A decade has passed since Sierra Leone put an end to its brutal civil war and embarked on the long road to reconciliation and justice.
As part of that process Sierra Leone's Special Court upheld the convictions of three rebel leaders accused of war crimes. The appeal ruling is the court's final word on atrocities committed during 11 years of civil war.
Patrick Fatoma is outreach coordinator for the Special Court. He says the ruling is a milestone for the people of Sierra Leone.
"For Sierra Leone this is a landmark decision," said Fatoma. "For the first time in the sub-region, people have been assigned responsibility for mass murder and serious crimes committed against the people in their own country."
Fatoma says victims of the war in Sierra Leone can now breathe a sigh of relief to see the case come to an end.
During the war, tens of thousands of civilians died and rebels mutilated many people who had their arms, legs, noses and ears cut off. Women were raped and forced to become 'bush wives' to rebel fighters and thousands of children abducted, drugged and forced to fight as soldiers.
The Special Court for Sierra Leone was established in 2002 by the government of Sierra Leone and the United Nations to prosecute those who bore the "greatest responsibility" for atrocities committed during the war.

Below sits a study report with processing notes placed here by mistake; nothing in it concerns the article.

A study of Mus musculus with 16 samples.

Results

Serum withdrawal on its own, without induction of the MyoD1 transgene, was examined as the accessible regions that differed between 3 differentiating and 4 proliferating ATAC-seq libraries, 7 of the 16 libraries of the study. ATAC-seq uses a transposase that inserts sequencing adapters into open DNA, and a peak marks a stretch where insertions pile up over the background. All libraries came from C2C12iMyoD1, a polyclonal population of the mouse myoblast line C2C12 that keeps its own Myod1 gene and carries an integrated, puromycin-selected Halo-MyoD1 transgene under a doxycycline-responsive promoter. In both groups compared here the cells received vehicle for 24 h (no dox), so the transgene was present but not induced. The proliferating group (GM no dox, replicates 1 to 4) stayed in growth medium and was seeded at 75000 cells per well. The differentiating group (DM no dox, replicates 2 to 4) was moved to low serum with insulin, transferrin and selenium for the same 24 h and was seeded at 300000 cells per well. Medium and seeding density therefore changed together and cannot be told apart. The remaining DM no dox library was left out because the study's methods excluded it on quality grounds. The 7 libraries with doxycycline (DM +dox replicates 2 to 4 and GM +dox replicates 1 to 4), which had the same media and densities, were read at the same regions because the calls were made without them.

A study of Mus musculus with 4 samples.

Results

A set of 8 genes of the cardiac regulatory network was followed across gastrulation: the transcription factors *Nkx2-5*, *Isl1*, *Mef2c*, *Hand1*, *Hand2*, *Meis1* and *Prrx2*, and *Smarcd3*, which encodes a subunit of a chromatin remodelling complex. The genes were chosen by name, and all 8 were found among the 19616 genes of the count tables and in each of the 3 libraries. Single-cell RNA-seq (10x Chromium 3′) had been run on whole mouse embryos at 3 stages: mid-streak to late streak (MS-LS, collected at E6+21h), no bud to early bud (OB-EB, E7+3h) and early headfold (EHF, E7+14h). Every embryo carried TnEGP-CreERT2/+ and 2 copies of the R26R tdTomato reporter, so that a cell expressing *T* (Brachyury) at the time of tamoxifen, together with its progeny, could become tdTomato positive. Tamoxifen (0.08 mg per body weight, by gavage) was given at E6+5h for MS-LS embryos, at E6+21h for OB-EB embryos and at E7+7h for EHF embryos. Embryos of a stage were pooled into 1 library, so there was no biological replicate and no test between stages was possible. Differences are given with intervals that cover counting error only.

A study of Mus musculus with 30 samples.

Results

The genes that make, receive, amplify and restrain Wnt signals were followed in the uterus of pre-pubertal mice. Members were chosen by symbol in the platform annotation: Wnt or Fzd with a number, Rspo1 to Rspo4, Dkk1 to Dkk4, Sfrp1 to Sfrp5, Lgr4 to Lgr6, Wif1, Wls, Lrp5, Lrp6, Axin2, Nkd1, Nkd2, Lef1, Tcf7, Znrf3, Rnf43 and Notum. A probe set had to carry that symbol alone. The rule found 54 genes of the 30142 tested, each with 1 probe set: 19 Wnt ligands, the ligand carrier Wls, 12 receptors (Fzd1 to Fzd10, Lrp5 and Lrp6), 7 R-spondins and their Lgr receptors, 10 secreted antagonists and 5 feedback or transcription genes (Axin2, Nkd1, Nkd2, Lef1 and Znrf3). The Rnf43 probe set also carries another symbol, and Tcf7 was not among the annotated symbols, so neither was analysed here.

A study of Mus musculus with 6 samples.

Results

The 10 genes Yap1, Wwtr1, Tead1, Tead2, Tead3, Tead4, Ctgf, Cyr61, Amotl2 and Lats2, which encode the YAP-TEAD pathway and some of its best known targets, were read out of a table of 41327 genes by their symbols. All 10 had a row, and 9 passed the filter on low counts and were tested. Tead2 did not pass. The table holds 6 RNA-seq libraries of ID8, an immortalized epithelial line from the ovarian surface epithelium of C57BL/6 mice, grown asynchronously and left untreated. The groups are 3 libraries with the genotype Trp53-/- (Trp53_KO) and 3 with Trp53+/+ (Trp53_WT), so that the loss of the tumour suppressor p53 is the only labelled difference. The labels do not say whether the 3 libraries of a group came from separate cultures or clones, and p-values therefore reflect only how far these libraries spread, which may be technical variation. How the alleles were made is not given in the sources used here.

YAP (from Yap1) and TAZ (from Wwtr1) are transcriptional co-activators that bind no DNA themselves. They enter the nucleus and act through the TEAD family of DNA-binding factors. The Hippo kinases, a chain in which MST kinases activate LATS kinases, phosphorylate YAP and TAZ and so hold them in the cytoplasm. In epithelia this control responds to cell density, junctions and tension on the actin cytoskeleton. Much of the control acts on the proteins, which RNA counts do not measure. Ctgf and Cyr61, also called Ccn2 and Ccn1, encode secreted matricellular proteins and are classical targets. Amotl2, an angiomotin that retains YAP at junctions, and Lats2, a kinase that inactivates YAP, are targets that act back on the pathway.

Prosecutors brought a case against the three surviving leaders of the rebel group, the Revolutionary United Front. In February, the Special Court found Issa Sisay, Augustine Gbao and Morris Kallon guilty on several counts including murder, attacks against U.N. troops, sexual slavery and recruitment of child soldiers.
Sisay was sentenced to 52 years in prison, the longest sentence given by the court. Kallon was given a 40-year sentence and Gbao, who was acquitted of the sexual slavery charge, received a 25-years sentence.
The defendants appealed 91 of the guilty verdicts. But the Special Court's final decision upheld the convictions and original sentences.
The decision marks the end of a decade-long struggle to bring to justice the worst perpetrators of war crimes in Sierra Leone.
The Special Court's only ongoing case is the trial of former president of Liberia Charles Taylor in the Hague.